Evaluating Shakespeare: recommendations for literary scholars
¶ 1 Leave a comment on paragraph 1 0 This essay set out to show that the chief effects of new media on cultural institutions are not physical (as anxious responses to the “threat to the live”, and parallel examples of its challenges to recorded music and newsprint, suggest), but come from its attendant discourse, as inflected by changing narratives of value. However, the findings of its focus on the language of cultural value might, in fact, ultimately temper the assertion of Arts Council England that digital culture currently has a limited physical effect on the way traditional institutions operate. We’ve observed in this essay their major acts of reinscription and even physical reconstruction as they strive to recapture a value that is not controlled by them; and, finally, have seen that the new language of value they adopt has permanently changed the “intrinsic” nature of the tangible objects and buildings at the core of these institutions. If value resides not in things but in the way we talk about them – if “values are the sedimental deposits of the imperative to value” – then the discourse of new media does not simply offer an up-to-date alternative to an older language of intrinsic value, but permanently inflects our sense of what constitutes the “real thing”.
¶ 2 Leave a comment on paragraph 2 3 This phenomenon is exaggerated in the case of Shakespeare because of the already slippery nature of the language in which his value is articulated. “Shakespeare” is at once a byword for transcendent “excellence” and “genius” and a set of Tudor artefacts; text and performance; Englishness and universality, among numerous other binaries, and these qualities are variously, and selectively, emphasized by the imperatives of education, nationhood and the cultural economy. His value is therefore difficult to connect firmly to any built organisation. The strenuous efforts of the institutions both to celebrate created value and to recoup it within their walls, and the subsequent failure of their superior claim to the “real” and authentic in a mediatized culture, ultimately expose their contingent relationship to the value of “Shakespeare”.
¶ 3 Leave a comment on paragraph 3 0 This essay’s case study of key UK Shakespeare institutions gives it both useful particularity and wider significance. Firstly, by showing what a mixed set of imperatives – of public funding, business and charity, among others – shape the discourse of cultural value in which these cultural organisations work, it has ready applicability beyond the UK, in, for example, the seemingly more independent, but heterogeneous, funding systems of US cultural and educational institutions, encouraging scholars in other cultural economies to tease out the hybrid influences on their articulation of “value”. Secondly, the essay’s focus on particular institutions is an important reminder for scholars of Shakespeare and digital media that technologies don’t remediate each other – people (and institutions) do. It offers a glimpse into the intentions and deliberate decisions behind the acts of remediation that these organisations perform – followed by a revealing account of the moves they make to manage the repercussions of that remediation. Thirdly, it exposes the local and particular pressures that shape the seemingly neutral, global discourse of the Globe, RSC, SBT and BL’s online self-presentations, and reminds us that the internet is not a transparent medium for sharing a “global” Shakespeare with new audiences and nations, but a tissue of discourse that continually rearticulates and reshapes the value of “Shakespeare”.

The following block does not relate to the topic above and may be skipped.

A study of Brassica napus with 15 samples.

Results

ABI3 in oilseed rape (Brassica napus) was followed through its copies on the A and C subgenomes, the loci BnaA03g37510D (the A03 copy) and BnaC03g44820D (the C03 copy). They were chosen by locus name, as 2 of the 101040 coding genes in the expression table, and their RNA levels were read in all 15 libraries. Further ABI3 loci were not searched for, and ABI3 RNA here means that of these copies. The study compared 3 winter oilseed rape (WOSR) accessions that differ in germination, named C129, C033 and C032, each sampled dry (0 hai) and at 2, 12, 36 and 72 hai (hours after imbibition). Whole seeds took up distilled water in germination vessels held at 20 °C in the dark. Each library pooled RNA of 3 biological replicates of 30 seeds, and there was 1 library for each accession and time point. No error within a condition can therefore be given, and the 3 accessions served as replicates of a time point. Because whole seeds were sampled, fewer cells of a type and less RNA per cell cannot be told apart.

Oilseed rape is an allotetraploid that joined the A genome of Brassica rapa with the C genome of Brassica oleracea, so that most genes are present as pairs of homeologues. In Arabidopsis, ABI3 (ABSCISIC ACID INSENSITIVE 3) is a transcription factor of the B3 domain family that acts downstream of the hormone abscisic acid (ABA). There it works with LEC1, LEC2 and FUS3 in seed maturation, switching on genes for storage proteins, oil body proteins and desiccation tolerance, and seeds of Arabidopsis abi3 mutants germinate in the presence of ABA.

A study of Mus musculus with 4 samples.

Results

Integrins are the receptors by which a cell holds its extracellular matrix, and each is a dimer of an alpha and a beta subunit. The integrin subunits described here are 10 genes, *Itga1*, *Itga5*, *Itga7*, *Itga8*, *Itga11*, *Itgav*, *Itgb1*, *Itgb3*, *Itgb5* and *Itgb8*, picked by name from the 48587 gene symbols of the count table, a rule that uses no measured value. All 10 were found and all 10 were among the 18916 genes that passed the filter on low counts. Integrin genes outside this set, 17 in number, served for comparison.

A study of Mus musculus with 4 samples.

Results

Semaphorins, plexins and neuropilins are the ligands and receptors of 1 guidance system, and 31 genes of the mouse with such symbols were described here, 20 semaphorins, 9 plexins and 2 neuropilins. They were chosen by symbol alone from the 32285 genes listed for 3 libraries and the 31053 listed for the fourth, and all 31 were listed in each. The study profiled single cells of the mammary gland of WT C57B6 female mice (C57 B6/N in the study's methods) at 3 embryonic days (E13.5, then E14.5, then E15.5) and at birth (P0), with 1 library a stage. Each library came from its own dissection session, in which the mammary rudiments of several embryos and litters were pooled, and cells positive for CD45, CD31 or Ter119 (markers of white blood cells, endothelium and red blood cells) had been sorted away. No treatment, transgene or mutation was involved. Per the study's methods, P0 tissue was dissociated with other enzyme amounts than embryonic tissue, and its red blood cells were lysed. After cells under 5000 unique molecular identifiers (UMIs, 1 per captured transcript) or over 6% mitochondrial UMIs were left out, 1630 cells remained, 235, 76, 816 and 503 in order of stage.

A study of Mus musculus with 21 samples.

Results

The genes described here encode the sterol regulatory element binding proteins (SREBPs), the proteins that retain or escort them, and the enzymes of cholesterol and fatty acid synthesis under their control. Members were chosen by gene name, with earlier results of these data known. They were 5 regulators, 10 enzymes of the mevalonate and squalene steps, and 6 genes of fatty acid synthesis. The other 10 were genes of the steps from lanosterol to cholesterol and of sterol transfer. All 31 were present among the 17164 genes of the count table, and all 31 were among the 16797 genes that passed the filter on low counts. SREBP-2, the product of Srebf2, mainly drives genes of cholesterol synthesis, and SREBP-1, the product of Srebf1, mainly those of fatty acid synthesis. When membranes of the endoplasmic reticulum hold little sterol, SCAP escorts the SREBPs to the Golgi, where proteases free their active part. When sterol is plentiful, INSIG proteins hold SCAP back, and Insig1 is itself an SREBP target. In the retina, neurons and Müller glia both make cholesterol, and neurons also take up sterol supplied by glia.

¶ 4 Leave a comment on paragraph 4 4 Every new language, then, has the capacity to change permanently the value of “Shakespeare”. For scholars of Shakespeare and new media, this realisation might lend a new sense of urgency to the need to turn their attention from analysing only what Shakespeare might “mean” in different, unfamiliar media, to performing a more evaluative critical role. With new awareness of the multiple, complex influences on their narratives of cultural value, Shakespeare scholars, and literary critics more generally, are well placed to decode the discourses in which they are asked to show the importance the value of what they, and other Shakespeare-based organisations, do; and to see what is at stake in their use. In doing so, they can avoid ricocheting back and forth between an unthinking embrace of the latest, uninspected terms of value (“creativity”, “experience”) and a panicked resort to older ones (“objects”, “intrinsic”): veering between extremes of technophobia or technophilia; or, to invoke a current value crisis in UK humanities higher education, resorting defiantly to the “intrinsic” value of research in the face of the demands of the government’s Research Excellence Framework assessment to show the “impact” of that research in the wider world. Instead, scholars might be encouraged to devote more careful attention to reading the language of value that comes with any new medium for Shakespeare; to recognize that Shakespeare’s value is not merely a pre-existing quality conveyed by Shakespeare organisations, but something fluid that is endlessly inflected by the value narratives of institutions, policy, markets and technologies; and to work together with other Shakespeare institutions to create a more nuanced, balanced language for articulating the value of Shakespeare, and culture, in future.
¶ 6 Leave a comment on paragraph 6 3 Acknowledgements: I am grateful to the London Shakespeare Seminar, to Kate McLuskie and the “Interrogating Cultural Value” team, to staff and students of the Shakespeare Institute, to Christie Carson, and to Katherine Rowe, for helpful comments on earlier versions of this paper.